Northern Ireland news

PSNI appeal over ruling on independence in legacy case

Jean Smyth was killed by a single shot to the head as she sat in a car in west Belfast in June 1972

THE PSNI is to appeal part of a court ruling which found that it had not shown the required independence to carry out a new probe into the killing of a woman in west Belfast almost half a century ago.

Chief Constable George Hamilton said they were taking steps to satisfy the judgment in the case of 24-year-old Jean Smyth, but he also had "no alternative but to appeal" because of the implications for contemporary policing.

The mother-of-one was killed by a single shot to the head as she sat in a car on the Glen Road in June 1972.

At the time the RUC informed her family it was probably an IRA gunman who opened fire.

But records uncovered at the National Archives in London in 2014 suggested the British army's Military Reaction Force (MRF) fired shots in the area and were allegedly involved in her killing.

Last month the Court of Appeal ruled that the PSNI chief constable had not shown that a legacy unit within his force had the practical independence for a new probe.

Senior judges declared Mr Hamilton was under an obligation to further investigate the death of Ms Smyth in a way which meets human rights requirements.

Relatives hailed the verdict as a victory in their campaign for inquiries to be overseen by an outside agency with no links to the Ministry of Defence.

Mr Hamilton last night said it was a "matter of deep regret that policing has failed to provide answers and secure justice for the Smyth family".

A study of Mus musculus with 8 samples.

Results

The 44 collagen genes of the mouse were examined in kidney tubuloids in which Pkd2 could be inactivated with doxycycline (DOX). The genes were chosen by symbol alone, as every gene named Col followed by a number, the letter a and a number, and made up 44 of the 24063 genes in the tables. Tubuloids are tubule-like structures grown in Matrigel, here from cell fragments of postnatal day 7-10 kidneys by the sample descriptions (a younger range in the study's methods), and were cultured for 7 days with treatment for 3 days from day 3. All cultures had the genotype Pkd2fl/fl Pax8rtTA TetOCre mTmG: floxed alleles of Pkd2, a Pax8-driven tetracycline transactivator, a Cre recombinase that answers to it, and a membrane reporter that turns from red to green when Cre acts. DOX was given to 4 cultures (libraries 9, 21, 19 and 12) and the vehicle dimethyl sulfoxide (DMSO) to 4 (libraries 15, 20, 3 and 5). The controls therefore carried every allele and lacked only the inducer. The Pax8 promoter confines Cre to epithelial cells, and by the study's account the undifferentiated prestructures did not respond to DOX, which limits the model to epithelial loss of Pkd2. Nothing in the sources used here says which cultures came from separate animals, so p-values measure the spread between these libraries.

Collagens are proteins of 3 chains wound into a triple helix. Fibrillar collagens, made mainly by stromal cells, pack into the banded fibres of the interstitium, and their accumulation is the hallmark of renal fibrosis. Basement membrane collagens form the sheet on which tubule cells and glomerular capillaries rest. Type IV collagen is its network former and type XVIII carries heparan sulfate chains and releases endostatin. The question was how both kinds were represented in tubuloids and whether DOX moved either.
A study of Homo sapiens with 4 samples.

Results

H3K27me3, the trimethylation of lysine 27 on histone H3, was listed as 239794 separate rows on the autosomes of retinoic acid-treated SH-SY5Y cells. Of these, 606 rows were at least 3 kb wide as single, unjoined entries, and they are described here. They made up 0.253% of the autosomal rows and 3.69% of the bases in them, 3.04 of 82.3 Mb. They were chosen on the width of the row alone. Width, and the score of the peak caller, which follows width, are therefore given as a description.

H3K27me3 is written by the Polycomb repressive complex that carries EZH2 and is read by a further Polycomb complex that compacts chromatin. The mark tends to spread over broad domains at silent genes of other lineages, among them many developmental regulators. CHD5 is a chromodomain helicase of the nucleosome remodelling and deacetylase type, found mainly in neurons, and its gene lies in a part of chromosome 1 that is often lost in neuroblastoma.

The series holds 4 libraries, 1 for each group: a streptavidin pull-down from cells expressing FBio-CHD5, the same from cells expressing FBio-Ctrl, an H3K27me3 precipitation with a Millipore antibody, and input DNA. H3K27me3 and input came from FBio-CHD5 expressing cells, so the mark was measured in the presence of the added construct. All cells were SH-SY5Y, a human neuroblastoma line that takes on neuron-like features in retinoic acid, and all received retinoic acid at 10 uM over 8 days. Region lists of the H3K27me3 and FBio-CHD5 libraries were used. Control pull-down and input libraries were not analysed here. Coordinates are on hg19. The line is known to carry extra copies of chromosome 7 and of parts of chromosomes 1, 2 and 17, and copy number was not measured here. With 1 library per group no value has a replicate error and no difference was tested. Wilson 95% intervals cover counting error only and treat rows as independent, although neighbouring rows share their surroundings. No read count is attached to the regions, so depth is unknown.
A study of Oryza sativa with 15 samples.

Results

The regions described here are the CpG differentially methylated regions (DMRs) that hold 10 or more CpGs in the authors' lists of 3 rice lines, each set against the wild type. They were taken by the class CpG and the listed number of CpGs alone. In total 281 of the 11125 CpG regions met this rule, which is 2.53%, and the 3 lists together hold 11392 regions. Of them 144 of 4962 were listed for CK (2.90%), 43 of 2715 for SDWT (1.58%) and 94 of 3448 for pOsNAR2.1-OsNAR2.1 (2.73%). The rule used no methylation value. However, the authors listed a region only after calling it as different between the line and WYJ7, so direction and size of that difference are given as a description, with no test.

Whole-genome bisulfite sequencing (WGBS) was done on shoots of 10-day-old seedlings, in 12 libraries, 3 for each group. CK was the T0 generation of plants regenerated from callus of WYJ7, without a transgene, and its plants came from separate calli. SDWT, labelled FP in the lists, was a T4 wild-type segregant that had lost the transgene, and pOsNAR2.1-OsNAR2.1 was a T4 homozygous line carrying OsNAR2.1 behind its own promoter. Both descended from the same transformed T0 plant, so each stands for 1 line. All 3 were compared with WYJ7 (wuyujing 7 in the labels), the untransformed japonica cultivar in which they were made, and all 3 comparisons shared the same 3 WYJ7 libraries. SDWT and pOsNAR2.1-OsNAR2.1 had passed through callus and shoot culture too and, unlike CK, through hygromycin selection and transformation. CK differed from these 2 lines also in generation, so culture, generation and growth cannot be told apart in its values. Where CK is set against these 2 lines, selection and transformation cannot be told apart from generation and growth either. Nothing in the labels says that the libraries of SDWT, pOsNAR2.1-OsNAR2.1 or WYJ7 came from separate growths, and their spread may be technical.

"We accept the need for independent investigative action and we are actively considering how we satisfy the judgment's direction around practical independence in the case of Jean Smyth," he said.

"In addition, with regard to the future conduct of legacy investigations within PSNI, until such times as a Historical Investigation Unit (HIU) is established, I have directed a number of steps to be taken which will secure the practical independence of the Legacy Investigation Branch (LIB).

"These include, amongst others, the establishment of independent oversight for the work of LIB."

But Mr Hamilton added that "having studied the judgment carefully and sought legal advice, it is clear that it may have significant implications for contemporary policing".

"As a consequence, I have come to the conclusion that, regrettably, I have no alternative but to appeal this element of the judgment."

He added: "I have no desire for prolonged legal wrangling but I find myself in an impossible position. The case of Jean Smyth is one of a number which are challenging the independence of the PSNI. While these cases relate to legacy incidents, I am concerned by their potential implications for the delivery of effective, operationally independent and accountable policing in the present day."

Mr Hamilton also said the "right place for any legacy investigation is the HIU" and the failure to make progress has come "both at a financial cost and a cost to confidence in policing".